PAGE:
My Experience as a White-Passing Cuban

This article was originally published in October 2017.

Last week as I was going through my morning routine, drinking iced coffee and scrolling through Twitter, I came across a photo posted by an Alabama high school student of her holding a sign that read “Put the Panic Back in Hispanic.”

I felt a rush of anger and sickness from those five words. Those words were aimed at my mother, cousins, and grandparents who immigrated here from Cuba. It dawned on me, that though I am as Hispanic as they come, I would never actually experience the severity of the hatred directed towards immigrants. This is because, to be honest, I look like a typical white woman – I have no accent, and my name (Celine Besman) is not telling of my heritage. 

For reference:

This led me down a rabbit hole of different thoughts. I benefit from all the advantages of being able to put down Hispanic on any and all documents, but I have never personally experienced any oppression or hate that my friends and family have. To be honest, I don’t know what to feel about this. Some would say that I should feel lucky, but I don’t. I am also not implying at all that I want to experience the oppression and discrimination that comes with being a minority in America, in order to somewhat prove that I am just as deserving as calling myself Cuban as someone who looks Cuban is.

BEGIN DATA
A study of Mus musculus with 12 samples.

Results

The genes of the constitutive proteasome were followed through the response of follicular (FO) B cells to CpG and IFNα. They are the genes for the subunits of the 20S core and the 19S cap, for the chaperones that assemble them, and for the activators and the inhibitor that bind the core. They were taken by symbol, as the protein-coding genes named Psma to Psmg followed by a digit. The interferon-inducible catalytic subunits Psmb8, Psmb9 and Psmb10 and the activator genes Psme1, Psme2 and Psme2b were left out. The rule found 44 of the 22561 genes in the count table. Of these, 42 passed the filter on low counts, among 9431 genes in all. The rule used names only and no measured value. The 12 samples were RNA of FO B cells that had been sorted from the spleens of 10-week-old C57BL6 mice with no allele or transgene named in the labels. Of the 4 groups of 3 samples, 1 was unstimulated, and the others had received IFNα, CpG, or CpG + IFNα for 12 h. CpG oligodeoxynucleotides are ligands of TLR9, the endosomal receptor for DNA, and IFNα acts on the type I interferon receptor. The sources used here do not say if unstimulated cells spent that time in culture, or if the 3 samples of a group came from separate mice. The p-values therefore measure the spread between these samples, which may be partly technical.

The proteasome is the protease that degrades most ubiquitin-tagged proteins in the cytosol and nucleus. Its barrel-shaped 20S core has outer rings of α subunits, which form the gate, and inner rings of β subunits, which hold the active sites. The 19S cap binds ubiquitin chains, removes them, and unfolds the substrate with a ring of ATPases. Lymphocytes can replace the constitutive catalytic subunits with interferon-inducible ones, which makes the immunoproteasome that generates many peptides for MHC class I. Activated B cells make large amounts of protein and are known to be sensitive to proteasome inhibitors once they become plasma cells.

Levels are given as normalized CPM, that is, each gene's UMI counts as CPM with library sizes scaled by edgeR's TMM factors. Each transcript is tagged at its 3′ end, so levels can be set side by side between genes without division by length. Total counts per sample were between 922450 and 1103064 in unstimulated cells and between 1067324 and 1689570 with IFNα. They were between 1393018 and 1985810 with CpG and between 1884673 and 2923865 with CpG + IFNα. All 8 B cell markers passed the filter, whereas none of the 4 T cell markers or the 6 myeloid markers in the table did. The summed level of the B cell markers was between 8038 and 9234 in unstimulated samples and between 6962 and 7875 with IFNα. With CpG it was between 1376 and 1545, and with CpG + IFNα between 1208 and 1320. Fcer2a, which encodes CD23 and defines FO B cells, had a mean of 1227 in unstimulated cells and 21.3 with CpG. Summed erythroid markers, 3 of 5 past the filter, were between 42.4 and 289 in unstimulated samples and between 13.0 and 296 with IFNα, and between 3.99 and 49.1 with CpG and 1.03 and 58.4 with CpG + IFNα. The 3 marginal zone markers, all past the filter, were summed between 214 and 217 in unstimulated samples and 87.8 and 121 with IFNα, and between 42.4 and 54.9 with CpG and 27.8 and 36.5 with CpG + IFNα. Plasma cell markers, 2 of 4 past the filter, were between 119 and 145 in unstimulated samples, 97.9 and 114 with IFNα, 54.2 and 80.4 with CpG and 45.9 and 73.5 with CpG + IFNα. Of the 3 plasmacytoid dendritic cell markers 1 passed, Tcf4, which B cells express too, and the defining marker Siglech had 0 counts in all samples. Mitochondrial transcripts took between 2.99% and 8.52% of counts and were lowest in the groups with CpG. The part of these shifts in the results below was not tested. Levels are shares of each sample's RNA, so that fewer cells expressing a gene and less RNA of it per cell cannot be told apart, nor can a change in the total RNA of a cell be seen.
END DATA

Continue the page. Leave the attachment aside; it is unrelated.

Even though I have not experienced oppression or hatred because of my Cuban background, I have strangely experienced a version of it from the Latinx community.

I am Cuban. I was brought up by my Spanish-speaking abuelita while both of my parents worked full-time, speak Spanish fluently, had a traditional quince, spray violetas after every shower, drink café con leche every morning and wear my azabache necklace every day. 

Me circa 2010 celebrating my quincenera featuring a lot of hair, no eyebrows and a softball farmer’s tan (sunburn):

Because of my very fair skin, I oftentimes find myself excluded from the Latinx community – this being something as small as someone explaining something about Hispanic culture that, naturally, I am already familiar with. I am usually regarded as “not really” Cuban or asked to prove that I am. People that look and sound Latinx are never asked to prove themselves. Usually I am asked to speak Spanish in order to prove it, which is odd since I have met many people that are and look Hispanic but can't speak Spanish and their background is never questioned. Also, being able to speak Spanish should not be a validation of someone's ethnicity. Most of the time I get annoyed by this and tell the person anyone that took a Spanish 1 course could “speak Spanish to you.” By this point I usually dismiss myself from the situation, but sometimes when I am feeling spicy I argue with them.

It hurts to not always be accepted by the Latinx community, especially when others would look at my situation and celebrate it. I am a child of an immigrant about to become a first-generation college graduate.

As stated, this incident sparked a lot of thoughts. I feel like I will have these internal and external battles for years to come, especially as I move into the post-grad world, but for now, I will continue celebrating my beautiful Cuban background.